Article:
A West Midlands Police Chief Superintendent is on a ventilator with Covid-19 symptoms while some forces are reporting high levels of sickness linked to the outbreak

Chief Superintendent Phil Dolby is being treated in an intensive care unit after falling ill just over a week ago.

CS Dolby, in charge of the force's criminal justice services, had been posting regular Twitter updates charting his progress and on Sunday 29 March posted a video showing he had been admitted to a hospital isolation ward.

He wrote on Twitter: "Now got oxygen mask, canulars, blood test, Covid tests, chest x-ray and some snory neighbours. Shame as it is daughters 15th birthday today. #Covid-19"

"Had some anxious moments in last 24 hrs. I've looked better too! Temp of 37.9 but somehow still feel really cold."

Updating people on Mr Dolby's condition yesterday (31 March), colleagues said: "He is currently in an ICU on a ventilator and is being looked after by the amazing NHS.”

"Positive thoughts and prayers for him please. #COVID19"

A force spokeswoman said Assistant Chief Constable Chris Johnson had been in continuous contact with Mr Dolby's wife and family who are asking friends and colleagues "to keep Phil in their thoughts and to pray for him".

Forces have already had their office and staff levels impacted by the outbreak.

Last week, Merseyside Police said 12 per cent of the workforce were off sick with around 5 per cent self-isolating for Covid-19 symptoms. The force confirmed today the number had not changed.

Cumbria and Greater Manchester forces both said 10 per cent of their workforces were absent.

The rate was 14 per cent in Devon and Cornwall as of Monday (30 March) and 6 per cent in Durham.

The Metropolitan Police reportedly have an absence rate of 20 per cent.

A spokesperson for the Met said: "The MPS is a large organisation of more than 40,000 people and whilst there are a number of staff and officers off sick and self-isolating, the Met continues to operate effectively. The reduction in officer and staff numbers is off-set by a reduction in crime and a reduction in calls to the MPS requiring a response.

"We continue to carry out our policing functions across the capital, including proactive policing such as this week’s anti-violence Op Sceptre activity.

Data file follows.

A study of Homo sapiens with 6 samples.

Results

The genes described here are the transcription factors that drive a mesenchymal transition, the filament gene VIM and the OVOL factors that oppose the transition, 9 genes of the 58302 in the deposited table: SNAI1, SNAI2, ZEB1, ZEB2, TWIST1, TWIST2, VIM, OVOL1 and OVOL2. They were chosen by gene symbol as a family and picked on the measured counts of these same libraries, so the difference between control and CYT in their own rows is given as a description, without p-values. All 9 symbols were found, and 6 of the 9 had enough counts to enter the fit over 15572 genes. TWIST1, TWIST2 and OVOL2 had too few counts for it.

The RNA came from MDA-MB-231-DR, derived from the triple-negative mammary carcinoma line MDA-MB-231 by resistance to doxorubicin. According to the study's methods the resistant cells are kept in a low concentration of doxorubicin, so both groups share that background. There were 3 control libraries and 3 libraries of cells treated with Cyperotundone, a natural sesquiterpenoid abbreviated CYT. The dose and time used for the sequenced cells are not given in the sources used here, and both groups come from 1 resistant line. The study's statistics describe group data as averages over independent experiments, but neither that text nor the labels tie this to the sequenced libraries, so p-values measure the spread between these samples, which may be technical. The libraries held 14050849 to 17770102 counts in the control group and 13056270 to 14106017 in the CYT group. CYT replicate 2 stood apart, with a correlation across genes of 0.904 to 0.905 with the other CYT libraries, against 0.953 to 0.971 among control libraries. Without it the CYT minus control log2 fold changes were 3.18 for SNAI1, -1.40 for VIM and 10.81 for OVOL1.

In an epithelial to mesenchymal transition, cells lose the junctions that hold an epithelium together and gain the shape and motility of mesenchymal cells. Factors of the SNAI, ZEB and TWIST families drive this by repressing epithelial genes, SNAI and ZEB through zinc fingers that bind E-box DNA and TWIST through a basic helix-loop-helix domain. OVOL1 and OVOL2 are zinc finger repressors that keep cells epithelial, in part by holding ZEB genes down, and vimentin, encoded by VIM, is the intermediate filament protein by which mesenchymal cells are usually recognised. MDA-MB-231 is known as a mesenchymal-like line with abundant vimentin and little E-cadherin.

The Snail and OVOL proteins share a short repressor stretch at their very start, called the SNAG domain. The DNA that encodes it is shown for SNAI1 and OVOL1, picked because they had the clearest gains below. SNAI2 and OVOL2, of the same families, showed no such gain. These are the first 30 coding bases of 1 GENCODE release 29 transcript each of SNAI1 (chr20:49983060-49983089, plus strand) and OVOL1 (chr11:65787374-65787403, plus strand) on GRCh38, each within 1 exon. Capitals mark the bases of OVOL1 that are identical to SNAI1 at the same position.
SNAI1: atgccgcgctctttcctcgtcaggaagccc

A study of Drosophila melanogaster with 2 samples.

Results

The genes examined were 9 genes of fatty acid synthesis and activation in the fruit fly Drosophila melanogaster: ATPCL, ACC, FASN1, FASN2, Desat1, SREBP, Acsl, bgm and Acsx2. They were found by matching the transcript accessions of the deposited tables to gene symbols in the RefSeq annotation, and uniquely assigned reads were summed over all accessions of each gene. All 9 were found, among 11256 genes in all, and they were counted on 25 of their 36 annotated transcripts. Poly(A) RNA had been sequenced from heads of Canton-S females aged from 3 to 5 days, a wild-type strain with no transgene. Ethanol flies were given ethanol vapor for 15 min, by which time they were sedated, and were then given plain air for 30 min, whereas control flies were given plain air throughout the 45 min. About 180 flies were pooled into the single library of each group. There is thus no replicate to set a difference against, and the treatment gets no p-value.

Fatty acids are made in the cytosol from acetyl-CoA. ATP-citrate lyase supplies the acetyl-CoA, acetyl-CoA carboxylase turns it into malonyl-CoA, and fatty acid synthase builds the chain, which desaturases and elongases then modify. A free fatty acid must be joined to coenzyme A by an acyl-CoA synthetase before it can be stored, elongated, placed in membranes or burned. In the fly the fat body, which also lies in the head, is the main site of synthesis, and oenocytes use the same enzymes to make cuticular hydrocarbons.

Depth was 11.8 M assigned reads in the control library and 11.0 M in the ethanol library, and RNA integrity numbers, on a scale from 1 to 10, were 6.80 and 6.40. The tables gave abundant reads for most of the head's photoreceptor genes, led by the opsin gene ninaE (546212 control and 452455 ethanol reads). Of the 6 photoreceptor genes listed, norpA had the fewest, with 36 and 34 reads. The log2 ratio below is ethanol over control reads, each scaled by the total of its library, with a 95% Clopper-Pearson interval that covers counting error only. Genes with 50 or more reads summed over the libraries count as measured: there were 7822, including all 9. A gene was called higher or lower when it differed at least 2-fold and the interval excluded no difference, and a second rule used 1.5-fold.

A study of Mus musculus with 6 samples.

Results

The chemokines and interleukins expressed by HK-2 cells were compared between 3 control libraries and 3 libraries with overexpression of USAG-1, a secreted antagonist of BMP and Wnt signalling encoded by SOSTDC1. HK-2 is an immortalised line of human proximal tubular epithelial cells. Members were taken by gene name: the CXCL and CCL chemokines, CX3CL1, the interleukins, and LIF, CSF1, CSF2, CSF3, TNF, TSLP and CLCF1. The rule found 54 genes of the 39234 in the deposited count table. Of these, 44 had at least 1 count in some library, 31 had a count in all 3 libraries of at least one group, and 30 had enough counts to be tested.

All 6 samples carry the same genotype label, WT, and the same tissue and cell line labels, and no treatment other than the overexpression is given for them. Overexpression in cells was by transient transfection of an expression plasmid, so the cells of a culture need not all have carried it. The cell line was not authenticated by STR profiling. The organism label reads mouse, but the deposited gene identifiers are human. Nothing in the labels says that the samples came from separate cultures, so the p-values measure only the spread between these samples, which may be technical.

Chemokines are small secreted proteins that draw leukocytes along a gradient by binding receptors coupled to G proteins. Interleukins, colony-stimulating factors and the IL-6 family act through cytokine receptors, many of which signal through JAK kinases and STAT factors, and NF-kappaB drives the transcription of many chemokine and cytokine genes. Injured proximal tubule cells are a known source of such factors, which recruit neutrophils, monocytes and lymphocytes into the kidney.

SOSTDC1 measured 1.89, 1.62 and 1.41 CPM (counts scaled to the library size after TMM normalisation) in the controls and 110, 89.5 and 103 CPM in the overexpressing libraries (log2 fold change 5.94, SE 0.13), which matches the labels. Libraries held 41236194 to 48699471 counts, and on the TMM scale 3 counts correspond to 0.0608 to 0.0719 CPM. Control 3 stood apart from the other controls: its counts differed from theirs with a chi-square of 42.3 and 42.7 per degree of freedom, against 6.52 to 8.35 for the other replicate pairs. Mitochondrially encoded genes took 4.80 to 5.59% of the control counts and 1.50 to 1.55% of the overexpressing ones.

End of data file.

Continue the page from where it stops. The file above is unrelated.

They went on to say: "Staffing and demand levels are kept under daily review. We are confident that the plans we have in place will ensure we are able to provide a good service to London. We are the police, we will be out on the streets and able to protect people – it is our job and we will continue to do that."

Yesterday (31 March) Lincolnshire Police's Chief Constable Bill Skelly said around double the number of officers he would expect to be absent were not at work due to coronavirus-related issues.

CC Skelly said this was still "some distance below" where he believed the force would be.

He said: "We have roughly per cent who are absent for Covid-19 reasons. That's either because they have symptoms or because they are caring for others.

"If we see numbers rising towards a peak, we have to think, what can we do in order to alleviate the pressure on the force."

CC Skelly will be speaking to officers heading for retirement about postponing their decision and asking retired police to return in case the number of absent officers rises significantly.

Dorset Police's CC James Vaughan said: "Overall about 300 people out of a workforce of 2,500 that are self-isolating," he added.

CS Dolby is one of 1,000 West Midlands officers and staff off work or unable to carry out normal duties because of sickness or self-isolation. There are about 6,500 officers and 3,000 staff at the force.